Since 1976, every U.S. president has officially designated February as Black History Month or National African American History Month to honor and celebrate the achievements by black Americans. It is also the time to recognize the role of African Americans in U.S. history.
African American culture played an influential role in shaping the City of Philadelphia's rich history and heritage. Black History Month special events and exhibitions will be held at numerous venues throughout the city.
The Philadelphia Museum of Art hosts a special exhibit "Represent: 200 Years of African American Art." This exhibit is a celebration of compelling works from innovative African American artists such as Henry Ossawa Tanner, Horace Pippin, Jacob Lawrence and others. It showcases a range of subjects, styles, mediums and traditions. The exhibit runs through April 5, 2015.
The African American Museum celebrates and interprets African American history and culture. Via a diverse collection of fine and folk art, photographs, memorabilia and costumes, experiences and contributions of African Americans are traced from ancient kingdoms of Africa to the present.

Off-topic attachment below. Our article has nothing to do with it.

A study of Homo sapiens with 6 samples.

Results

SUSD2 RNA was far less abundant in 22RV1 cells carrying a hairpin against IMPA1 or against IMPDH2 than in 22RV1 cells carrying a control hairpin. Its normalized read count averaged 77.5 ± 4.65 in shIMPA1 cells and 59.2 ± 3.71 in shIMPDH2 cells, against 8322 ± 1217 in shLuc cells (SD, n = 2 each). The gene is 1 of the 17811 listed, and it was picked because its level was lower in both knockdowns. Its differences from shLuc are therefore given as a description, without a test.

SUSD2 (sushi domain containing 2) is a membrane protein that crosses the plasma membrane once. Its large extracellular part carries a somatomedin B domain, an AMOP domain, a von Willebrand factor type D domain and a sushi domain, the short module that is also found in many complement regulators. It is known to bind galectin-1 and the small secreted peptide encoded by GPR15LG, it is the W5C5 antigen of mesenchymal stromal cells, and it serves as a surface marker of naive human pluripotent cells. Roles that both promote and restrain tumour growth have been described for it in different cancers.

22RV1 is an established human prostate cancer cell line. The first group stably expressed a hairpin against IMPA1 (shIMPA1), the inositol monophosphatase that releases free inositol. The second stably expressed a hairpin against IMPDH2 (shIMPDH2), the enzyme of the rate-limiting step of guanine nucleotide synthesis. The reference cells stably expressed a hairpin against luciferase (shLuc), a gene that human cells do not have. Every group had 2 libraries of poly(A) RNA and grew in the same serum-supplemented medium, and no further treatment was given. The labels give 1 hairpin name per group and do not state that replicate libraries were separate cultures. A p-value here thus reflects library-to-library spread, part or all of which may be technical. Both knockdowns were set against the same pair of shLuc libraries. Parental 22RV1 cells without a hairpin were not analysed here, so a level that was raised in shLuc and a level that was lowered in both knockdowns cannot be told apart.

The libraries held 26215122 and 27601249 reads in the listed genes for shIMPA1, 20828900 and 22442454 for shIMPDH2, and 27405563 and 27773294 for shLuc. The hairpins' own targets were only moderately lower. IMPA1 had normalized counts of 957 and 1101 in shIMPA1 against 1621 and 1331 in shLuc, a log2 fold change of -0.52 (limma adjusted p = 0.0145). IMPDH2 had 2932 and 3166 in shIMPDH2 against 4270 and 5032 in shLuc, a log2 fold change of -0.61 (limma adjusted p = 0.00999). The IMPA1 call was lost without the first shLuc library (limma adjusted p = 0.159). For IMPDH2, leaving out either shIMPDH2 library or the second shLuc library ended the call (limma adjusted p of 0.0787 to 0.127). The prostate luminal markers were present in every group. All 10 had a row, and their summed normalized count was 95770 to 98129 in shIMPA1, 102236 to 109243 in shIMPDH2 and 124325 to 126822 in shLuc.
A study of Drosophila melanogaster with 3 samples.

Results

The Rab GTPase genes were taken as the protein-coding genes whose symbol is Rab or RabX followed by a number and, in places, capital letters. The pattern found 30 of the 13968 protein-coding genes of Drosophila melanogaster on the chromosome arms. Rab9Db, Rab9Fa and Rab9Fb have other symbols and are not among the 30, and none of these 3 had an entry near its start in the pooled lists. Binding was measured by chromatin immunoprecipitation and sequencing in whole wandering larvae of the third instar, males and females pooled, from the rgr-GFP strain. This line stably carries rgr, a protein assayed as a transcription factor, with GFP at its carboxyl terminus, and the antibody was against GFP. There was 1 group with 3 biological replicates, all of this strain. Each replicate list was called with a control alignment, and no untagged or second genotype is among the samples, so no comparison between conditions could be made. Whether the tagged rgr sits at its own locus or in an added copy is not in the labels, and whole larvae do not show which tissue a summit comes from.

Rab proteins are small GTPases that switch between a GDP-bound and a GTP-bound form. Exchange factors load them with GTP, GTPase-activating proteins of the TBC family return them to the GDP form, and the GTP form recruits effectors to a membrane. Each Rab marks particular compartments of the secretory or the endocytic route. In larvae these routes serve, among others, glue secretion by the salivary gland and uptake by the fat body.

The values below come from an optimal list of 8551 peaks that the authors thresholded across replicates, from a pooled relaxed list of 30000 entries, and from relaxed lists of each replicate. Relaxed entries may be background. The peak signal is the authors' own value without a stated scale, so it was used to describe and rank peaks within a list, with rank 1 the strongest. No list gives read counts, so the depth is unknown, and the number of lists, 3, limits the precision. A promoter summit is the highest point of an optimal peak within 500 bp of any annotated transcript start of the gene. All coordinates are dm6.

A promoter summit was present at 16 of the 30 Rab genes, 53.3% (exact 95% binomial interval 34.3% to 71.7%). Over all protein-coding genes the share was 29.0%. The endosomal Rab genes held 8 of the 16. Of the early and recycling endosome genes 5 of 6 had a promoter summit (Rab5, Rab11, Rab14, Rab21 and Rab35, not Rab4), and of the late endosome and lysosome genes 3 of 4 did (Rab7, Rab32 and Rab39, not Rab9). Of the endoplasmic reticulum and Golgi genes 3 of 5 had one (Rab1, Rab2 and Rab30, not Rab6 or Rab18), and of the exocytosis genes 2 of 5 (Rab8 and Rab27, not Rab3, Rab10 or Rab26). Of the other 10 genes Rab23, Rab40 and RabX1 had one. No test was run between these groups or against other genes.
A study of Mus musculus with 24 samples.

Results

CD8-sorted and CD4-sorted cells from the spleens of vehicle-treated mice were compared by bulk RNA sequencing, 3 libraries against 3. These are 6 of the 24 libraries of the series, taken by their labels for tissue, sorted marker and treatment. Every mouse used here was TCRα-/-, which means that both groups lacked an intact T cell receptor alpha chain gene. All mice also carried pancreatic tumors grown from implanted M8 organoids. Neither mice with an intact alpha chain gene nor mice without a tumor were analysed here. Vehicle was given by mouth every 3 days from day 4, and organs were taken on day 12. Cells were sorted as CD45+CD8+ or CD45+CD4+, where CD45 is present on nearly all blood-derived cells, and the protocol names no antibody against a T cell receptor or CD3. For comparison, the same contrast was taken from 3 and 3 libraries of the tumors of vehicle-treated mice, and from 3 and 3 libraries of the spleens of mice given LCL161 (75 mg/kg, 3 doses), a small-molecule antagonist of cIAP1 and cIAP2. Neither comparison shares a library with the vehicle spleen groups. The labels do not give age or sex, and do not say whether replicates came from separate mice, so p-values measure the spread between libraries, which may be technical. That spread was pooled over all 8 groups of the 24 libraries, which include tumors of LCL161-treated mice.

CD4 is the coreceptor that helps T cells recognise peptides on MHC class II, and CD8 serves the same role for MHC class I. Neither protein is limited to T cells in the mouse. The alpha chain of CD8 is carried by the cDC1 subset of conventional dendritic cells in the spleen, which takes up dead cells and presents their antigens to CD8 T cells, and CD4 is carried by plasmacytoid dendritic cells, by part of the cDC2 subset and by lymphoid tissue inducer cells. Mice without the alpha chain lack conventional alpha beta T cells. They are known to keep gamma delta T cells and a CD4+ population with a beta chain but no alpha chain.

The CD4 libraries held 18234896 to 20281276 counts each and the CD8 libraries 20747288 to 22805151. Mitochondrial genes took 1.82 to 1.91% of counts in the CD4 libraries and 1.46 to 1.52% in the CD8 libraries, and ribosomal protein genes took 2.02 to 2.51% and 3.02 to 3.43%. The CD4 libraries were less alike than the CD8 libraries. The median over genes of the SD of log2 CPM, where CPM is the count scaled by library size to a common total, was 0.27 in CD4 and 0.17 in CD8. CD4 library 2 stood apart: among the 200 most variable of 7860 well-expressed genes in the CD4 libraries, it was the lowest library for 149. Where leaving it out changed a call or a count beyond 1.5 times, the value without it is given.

The President's House: Freedom and Slavery in the Making of a Nation commemorates the lives of nine enslaved Africans at the nation's first executive mansion. This open air Independence National Historical Park site (located near the Liberty Bell Center), depicts this complex and powerful story through porcelite panels, illustrated glass and video vignettes.
The Kimmel Center for the Performing Arts commemorates Black History Month with a focus on African American arts and culture showcasing internationally renowned artists. Soul revivalists Sharon Jones and the Dap-Kings perform Friday, February 13 and Emmy award-winning astrophysicist Neil deGrasse Tyson performs on Wednesday, February 25.
Mother Bethel African Methodist Episcopal (AME) Church is the mother church of the first black denomination. The church rests upon the oldest parcel of land continuously owned by African Americans. A basement crypt serves as a museum showcasing intriguing artifacts and exhibits about the Church's role as an underground Railroad station.
Plan your stay at a nearby Bed and Breakfast.